After studying the potential impact on the economy, summer tourism and public education, a state task force reportedly plans to recommend that Maryland public schools start the school year after Labor Day. If enacted, the move would delay the customary first day of school by about a week in many Maryland school systems, including Harford County Public Schools. Because the state currently requires 180 days of instruction, the later start date could also mean a later end to the school year each June.
Supporters of the statewide initiative, including Maryland Comptroller Peter Franchot, have said that the move would boost economic activity and generate added tax revenue. Detractors, including some local superintendents, have decried the loss of local control over school calendars that must incorporate inclement weather make up days, established testing dates, and professional development days for teachers.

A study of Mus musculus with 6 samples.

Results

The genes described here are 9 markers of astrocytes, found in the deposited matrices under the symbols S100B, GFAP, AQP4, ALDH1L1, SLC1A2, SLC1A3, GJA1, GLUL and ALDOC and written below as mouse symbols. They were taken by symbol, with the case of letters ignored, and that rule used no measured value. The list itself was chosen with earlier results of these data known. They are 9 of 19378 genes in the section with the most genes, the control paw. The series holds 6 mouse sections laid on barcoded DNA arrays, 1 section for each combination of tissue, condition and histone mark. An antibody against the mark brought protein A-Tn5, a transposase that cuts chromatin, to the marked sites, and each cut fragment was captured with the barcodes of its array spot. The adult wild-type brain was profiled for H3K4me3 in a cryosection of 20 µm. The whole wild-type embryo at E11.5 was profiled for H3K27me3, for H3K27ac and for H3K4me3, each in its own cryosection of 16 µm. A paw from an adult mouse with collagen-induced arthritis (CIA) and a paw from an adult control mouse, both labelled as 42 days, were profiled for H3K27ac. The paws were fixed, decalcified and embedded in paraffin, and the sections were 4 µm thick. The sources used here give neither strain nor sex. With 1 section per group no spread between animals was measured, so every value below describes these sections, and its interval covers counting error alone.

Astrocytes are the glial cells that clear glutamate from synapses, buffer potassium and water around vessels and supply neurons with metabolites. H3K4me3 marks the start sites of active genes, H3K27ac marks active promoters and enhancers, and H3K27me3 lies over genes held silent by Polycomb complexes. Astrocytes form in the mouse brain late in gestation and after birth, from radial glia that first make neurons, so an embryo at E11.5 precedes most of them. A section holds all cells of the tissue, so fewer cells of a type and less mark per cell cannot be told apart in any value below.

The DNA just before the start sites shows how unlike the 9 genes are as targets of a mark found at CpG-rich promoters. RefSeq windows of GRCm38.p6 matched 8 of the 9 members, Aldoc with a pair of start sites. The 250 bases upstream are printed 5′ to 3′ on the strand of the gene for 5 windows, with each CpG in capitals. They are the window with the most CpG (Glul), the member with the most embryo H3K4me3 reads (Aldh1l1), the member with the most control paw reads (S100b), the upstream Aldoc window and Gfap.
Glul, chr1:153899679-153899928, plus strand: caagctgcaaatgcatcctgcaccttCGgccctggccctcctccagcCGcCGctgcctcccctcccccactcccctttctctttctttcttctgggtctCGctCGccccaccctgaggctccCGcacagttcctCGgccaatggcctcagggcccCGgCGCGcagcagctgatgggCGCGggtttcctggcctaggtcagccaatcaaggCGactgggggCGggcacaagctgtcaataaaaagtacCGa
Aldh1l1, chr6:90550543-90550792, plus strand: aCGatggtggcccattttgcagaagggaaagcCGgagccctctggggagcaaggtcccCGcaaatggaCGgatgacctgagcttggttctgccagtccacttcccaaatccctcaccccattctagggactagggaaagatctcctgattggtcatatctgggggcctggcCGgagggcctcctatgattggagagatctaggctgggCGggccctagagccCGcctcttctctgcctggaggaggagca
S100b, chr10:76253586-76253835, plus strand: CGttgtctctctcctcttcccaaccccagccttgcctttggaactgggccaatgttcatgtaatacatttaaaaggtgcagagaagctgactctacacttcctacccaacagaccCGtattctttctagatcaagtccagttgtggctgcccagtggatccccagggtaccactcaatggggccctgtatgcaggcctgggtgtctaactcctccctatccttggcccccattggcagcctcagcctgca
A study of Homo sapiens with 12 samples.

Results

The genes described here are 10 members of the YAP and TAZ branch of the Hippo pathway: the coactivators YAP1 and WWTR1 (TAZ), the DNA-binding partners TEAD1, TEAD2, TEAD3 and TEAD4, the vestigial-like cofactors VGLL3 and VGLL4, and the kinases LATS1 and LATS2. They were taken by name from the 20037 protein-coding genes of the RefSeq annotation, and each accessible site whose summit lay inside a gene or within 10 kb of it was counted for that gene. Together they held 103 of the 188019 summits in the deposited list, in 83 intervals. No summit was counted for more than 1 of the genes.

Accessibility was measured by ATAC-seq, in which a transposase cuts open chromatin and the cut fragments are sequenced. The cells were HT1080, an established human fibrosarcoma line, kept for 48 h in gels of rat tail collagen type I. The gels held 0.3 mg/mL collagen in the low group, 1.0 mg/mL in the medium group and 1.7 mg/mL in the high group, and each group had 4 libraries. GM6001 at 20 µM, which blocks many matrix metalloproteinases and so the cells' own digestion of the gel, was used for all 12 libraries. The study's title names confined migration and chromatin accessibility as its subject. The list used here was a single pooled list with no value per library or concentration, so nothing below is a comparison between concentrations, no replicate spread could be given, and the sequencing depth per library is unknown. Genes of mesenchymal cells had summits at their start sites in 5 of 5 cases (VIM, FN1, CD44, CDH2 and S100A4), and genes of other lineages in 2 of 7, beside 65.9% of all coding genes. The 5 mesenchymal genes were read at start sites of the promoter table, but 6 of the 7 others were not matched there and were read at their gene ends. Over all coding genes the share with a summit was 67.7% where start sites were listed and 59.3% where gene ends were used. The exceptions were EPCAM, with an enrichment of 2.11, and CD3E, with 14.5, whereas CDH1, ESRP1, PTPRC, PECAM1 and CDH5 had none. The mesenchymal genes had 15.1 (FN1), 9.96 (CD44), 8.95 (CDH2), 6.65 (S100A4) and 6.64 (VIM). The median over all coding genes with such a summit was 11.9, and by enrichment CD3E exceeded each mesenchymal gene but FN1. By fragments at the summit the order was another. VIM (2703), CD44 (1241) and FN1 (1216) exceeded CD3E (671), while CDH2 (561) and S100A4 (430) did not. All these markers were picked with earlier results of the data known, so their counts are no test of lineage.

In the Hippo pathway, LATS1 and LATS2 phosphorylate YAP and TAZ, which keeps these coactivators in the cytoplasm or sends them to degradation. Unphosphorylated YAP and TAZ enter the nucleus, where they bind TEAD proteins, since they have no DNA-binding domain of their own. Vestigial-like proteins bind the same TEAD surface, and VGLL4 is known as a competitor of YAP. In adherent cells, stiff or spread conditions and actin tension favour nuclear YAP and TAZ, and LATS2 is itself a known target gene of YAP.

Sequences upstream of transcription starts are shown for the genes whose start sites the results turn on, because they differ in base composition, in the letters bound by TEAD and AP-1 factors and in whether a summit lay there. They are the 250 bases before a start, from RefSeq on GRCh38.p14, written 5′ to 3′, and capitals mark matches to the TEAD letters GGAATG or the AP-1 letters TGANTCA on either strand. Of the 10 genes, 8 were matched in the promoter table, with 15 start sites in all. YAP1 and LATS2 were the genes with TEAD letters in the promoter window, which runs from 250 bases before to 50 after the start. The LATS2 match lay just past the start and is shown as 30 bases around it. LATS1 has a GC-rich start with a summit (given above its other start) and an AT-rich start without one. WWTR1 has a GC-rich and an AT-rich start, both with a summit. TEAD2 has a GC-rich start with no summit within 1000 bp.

Jillian Lader, HCPS manager of communications, did not immediately respond to The Dagger’s request for a comment from Superintendent Barbara Canavan.
By law, the state task force must present its findings and recommendations no later than June 30th for further consideration by Gov. Martin O’Malley and state legislators.
Do you agree or disagree with a recommendation that would delay the start of school in Harford County until after Labor Day?
UPDATE: On May 22, 2014, Jillian Lader, HCPS manager of communications, provided the following statement from Superintendent Barbara Canavan:
“I support the state superintendent’s position that local school districts should be granted autonomy regarding the start of school year. The post Labor Day start to school is replete with, but not limited to, complications pertaining to instruction, student assessments, professional development opportunities and preserving traditional family time throughout the school year for all members of our school community.”